NSFAS students urged to use allowances to buy learning devices
NSFAS-qualifying students receive learning material allowance for the year, which includes R5,200 issued once a year to beneficiaries to purchase things like laptops, tablets and books.
Students receiving aid from the National Student Financial Aid Scheme (NSFAS) have been urged to use their learning material allowances to purchase learning devices so they could learn remotely during lockdown.
The chairperson of the select committee on education and technology, sports, arts and culture, Elleck Nchabeleng, said: “Many students who still have not bought laptops must do so, especially those who have been paid the annual teaching assistance allowance of R5,200, to buy gadgets that will facilitate their learning during this challenging time.”
NSFAS qualifying students receive learning material allowance for the year, which includes R5,200 issued once a year to beneficiaries to purchase things like laptops, tablets and books.
Nchabeleng said the committee is satisfied with the proficiency and efficiency with which the NSFAS Administrator, Dr Randall Carolissen has run the entity, even during the Covid-19 distraction.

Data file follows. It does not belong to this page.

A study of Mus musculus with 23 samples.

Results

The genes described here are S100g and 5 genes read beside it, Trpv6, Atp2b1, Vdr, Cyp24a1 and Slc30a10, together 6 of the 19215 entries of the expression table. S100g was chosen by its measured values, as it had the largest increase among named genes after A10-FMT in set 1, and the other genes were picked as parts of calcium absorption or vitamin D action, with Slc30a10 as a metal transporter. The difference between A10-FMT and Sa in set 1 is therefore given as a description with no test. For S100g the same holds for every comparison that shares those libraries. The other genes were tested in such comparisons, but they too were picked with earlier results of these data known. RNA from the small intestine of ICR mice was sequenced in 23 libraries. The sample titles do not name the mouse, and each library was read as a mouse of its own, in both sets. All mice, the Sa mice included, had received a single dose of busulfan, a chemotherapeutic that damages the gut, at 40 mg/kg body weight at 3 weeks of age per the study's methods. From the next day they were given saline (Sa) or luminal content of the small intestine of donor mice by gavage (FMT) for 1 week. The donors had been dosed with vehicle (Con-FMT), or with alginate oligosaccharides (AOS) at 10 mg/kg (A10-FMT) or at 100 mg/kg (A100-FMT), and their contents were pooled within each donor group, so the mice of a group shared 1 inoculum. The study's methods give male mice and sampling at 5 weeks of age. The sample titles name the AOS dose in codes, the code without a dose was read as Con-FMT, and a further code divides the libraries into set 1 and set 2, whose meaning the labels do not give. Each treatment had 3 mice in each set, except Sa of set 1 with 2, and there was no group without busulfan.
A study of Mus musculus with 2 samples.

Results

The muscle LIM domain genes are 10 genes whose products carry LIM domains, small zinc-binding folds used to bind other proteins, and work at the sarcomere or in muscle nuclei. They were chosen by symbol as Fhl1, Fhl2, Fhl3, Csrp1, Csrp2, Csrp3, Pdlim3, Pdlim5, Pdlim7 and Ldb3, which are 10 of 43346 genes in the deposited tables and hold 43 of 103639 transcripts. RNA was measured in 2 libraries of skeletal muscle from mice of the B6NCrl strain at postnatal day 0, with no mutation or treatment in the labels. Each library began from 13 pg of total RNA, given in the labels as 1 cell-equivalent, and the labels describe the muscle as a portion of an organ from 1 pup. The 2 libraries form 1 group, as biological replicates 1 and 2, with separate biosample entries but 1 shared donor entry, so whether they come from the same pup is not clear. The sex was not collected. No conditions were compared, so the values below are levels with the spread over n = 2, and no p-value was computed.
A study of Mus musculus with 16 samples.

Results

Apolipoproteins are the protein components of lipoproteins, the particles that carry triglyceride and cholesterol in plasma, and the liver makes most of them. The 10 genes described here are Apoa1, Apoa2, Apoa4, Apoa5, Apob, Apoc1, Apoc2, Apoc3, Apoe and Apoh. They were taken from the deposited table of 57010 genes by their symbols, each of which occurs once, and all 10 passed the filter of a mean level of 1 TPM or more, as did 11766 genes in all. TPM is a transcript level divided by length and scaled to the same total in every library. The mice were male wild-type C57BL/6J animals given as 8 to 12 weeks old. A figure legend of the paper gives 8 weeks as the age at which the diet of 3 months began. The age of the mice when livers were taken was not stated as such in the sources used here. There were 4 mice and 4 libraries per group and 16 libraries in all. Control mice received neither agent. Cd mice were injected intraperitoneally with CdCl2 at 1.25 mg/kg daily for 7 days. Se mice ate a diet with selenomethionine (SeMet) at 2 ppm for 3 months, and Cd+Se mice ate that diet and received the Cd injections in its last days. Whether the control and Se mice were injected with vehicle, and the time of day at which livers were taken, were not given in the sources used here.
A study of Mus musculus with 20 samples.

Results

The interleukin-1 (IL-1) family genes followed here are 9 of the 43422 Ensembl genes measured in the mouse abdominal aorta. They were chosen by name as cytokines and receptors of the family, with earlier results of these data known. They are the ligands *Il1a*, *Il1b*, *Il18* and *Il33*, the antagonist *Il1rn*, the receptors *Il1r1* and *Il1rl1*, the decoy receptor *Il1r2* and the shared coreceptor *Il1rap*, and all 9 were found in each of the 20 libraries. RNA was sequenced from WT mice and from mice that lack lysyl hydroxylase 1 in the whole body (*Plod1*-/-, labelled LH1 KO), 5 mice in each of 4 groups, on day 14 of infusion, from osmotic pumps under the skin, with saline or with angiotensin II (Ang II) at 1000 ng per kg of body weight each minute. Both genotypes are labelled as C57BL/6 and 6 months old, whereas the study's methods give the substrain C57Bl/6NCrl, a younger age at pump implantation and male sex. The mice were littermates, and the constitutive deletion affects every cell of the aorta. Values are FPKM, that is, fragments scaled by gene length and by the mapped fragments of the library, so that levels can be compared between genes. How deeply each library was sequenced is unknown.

The committee also welcomed the task team announced by Higher Education, Science and Technology Minister Dr Blade Nzimande, over the weekend.
The task team will investigate challenges associated with the move to the student-centred model at NSFAS in 2017.
“The intervention will enhance the work of the Administrator and improve the service to poor students. Commendable work to stabilise the student financial aid scheme is being realised, and that has been demonstrated by how allowances are being distributed to students,” said Nchabeleng.
Nchabeleng said NSFAS’s work in support of the departmental objectives to increase the number of poor students in higher education at no cost was noted.
He said more work needs to be done around a policy that will ensure access to the category of students who belong to the ‘missing middle’.
“NSFAS is now an entity where consequence management is prioritised. Certain employees and criminal syndicates that were operating within the student financial aid scheme have been reported to law enforcement agencies.
“The committee will support NSFAS so that the entity does not regress from the progress that was realised during the administration period. NSFAS is a changed and a well-functioning student financial aid scheme,” said Nchabeleng.